By Jean Lotus
Navajo Nation positive COVID-19 cases, deaths continue to rise
More positive COVID-19 cases were reported on the Navajo Nation reservation Thursday, but President Jonathan Nez said the residents would "get through this together." Screenshot courtesy U.S. Rep. Raul Grijalva

April 17 (UPI) -- The number of positive tests for COVID-19 continue to climb this week on the Navajo Nation reservation, and the tribal government extended weekend lockdowns for two more weeks to try to stop the spread of the virus.

The number of positive cases rose to 1,042 Thursday with an increase of 121 cases in a single day, the Navajo Epidemiology Center reported. The number of deaths reached 41.


"Our warriors are on the front lines once again, battling and fighting a monster called COVID-19," Navajo Nation President Jonathan Nez said Friday at an online tribal roundtable in Indian Country sponsored by U.S. Rep. Raul Grijalva, D-Ariz.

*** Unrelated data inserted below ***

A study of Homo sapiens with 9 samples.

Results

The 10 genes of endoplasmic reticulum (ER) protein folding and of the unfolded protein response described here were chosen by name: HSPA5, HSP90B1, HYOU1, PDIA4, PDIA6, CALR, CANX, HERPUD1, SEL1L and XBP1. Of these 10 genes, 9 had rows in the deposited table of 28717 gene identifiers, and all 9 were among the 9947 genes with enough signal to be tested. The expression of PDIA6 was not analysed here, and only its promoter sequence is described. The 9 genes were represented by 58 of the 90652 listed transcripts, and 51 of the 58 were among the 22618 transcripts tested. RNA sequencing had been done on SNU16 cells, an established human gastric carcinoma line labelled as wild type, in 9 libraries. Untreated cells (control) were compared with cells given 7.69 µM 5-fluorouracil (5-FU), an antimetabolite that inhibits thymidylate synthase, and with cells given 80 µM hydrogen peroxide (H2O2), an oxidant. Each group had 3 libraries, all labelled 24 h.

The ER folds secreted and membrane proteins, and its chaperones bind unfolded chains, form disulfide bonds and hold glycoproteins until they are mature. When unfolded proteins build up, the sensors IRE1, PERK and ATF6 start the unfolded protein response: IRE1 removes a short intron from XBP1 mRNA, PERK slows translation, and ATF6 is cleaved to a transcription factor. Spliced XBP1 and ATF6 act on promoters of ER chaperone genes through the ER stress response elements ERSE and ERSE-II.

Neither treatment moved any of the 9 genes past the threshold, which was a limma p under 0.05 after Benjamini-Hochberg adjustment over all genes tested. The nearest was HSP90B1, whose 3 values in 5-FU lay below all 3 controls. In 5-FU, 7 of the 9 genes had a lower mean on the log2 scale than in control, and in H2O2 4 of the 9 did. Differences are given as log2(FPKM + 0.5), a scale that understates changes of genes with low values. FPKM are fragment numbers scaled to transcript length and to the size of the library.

RELATED Positive coronavirus tests jump in Navajo Nation

"A couple of weeks ago, it was stated that COVID-19 would wipe us all out," Nez said. "I want to tell everyone that native people are resilient. We are overcomers and we will get through this together."

The newest figures show the highest numbers of confirmed cases in five counties, with the most, 306, in Navajo County, Ariz. Other high numbers Arizona include 147 cases in Apache County and 199 in Coconino County. In New Mexico, health officials reported 203 cases in McKinley County and 140 in San Juan County.


RELATED Navajo leaders self-quarantine after COVID-19 exposure

Nez and Vice President Myron Lizer urged members of the Navajo Nation to be "prudent with their stimulus funds" and to save money going forward through the uncertain times of the pandemic.

Nez and Lizer have both voluntarily self-quarantined for two weeks after being exposed to a first responder with the virus.

About 175,000 people live on the reservation, which overlaps the state boundaries of Arizona, New Mexico, Utah and Colorado.


The tribe's government signed an order in March blocking non-residents from visiting. Tribe-operated casinos also closed in New Mexico and Arizona.

"Please utilize local Navajo businesses as much as possible -- they might not offer all of the products you need, but please consider buying local before traveling to border towns and putting yourselves at greater risk due to greater exposure to others," Lizer said earlier this week.